How sub-national leaders and organizations are modelling the way for a clean energy transition, and helping to advance national-level dialogue.
Two years on from its launch, the Powering Past Coal Alliance brought together sub-national members at the US Climate Action Centre at COP25 on 10 December. The event provided insight into the policies and programs that sub-national governments deploy to achieve emissions reductions, while empowering a just transition.
Ontario’s experience rapidly closing it’s coal
Minister Jeff Yurek, Ontario Ministry of the Environment, Conservation and Parks gave a speech about Ontario’s rapid closure of coal.
Rocky Mountain Institute joins the Powering Past Coal Alliance
Jules Kortenhorst, CEO, Rocky Mountain Institute, announced that the Rocky Mountain Institute was partnering with the Powering Past Coal Alliance, and spoke about the efforts of US actors in powering past coal.
How can states, regions, and cities take the lead on developing emissions reduction methods in the absence of national policy?
Aitor Urresti González, Director General for Energy Transition, Government of the Balearic Islands explained that in the case of Spain, energy is managed from central government, so the Balearics didn’t have much space to take action, but they knew they needed to do something. They began working on a climate change act and energy transition in 2015 and have created a pathway to exceed 100% renewables by 2050. In January 2020 they are closing half their coal fired power plant.
Scott Glenn, Chief Energy Officer, Hawaii State Energy Office spoke about the tough goal that Hawaii’s utilities have, to bring on enough new generation to take their coal plant offline in 2022.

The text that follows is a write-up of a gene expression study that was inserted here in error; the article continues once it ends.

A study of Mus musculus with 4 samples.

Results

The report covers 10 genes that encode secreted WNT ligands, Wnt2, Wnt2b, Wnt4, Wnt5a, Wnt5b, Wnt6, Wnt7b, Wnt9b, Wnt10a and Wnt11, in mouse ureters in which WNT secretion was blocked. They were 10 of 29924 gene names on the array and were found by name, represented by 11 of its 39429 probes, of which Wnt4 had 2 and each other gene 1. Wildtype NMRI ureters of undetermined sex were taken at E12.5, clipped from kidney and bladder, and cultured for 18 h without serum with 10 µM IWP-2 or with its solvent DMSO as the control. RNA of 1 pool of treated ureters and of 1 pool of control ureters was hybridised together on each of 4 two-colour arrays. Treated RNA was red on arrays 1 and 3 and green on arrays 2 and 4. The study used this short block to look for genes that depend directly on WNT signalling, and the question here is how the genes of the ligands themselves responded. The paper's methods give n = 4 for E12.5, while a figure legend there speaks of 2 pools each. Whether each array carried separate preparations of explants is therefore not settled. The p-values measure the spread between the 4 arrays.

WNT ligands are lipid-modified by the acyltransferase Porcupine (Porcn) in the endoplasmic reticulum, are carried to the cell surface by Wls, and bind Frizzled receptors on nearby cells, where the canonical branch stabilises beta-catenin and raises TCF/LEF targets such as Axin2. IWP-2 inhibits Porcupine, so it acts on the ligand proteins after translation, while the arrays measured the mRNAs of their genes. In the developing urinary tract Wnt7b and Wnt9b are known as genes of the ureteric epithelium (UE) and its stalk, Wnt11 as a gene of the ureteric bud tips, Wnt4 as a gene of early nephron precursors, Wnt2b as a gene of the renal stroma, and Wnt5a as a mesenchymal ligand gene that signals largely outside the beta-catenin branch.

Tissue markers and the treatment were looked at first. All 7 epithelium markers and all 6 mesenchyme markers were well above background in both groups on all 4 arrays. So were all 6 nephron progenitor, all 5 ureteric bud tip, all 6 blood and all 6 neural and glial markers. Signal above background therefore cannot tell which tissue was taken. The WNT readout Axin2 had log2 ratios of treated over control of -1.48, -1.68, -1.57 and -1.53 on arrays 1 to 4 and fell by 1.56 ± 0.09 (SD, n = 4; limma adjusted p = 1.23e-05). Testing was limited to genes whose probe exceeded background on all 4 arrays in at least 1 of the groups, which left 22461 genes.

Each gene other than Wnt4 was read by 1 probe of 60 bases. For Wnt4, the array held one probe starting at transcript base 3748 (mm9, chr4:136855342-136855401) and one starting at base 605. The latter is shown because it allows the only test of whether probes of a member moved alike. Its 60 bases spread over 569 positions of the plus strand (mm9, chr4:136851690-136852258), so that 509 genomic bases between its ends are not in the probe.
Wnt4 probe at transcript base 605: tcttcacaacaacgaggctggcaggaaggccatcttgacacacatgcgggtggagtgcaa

Commissioner Andrew McAllister, California Energy Commission explained how the state had legislated to close coal. On top of market forces, it set an “increasingly aggressive” renewable portfolio standard, a hundred percent clean energy goal, an executive order to decarbonise the whole economy by 2045, and a cap and trade program.
Chris Davis, Senior Advisor, Climate and Energy Affair, Office of Governor Jay Inslee outlined Washington State’s efforts to close coal which began in 2006, when the state achieved a closure agreement with their final coal plant. In spring 2019 the state passed a 100% clean standard, eliminating all coal by 2024, including imports of electricity from coal. By 2045, 100 percent of all electricity in the state will be fossil free.
How was an inclusive stakeholder engagement and consultation process used to support the implementation of policies and programs, as well as a Just Transition?
Chris Davis, Senior Advisor, Climate and Energy Affair, Office of Governor Jay Inslee, referenced the closure of Centralia coal fired plant, the last major coal facility in the State whose 2024 closure date was partly chosen to align with the retirement age of many of those working there.
Scott Glenn, Chief Energy Officer, Hawaii State Energy Office, took a slightly different point of view. Hawaii doesn’t have a cap-and-trade program but instead consider the avoided annual costs of importing a billion dollars worth of coal from Indonesia, to help pay for the transition.
What factors were critical for success and what issues posed the toughest challenges? What lessons can other states, regions, and cities learn from your example?
Aitor Urresti González, Director General for Energy Transition, Government of the Balearic Islands stressed the importance of knowing what worries stakeholders and how to to take on board their expectations.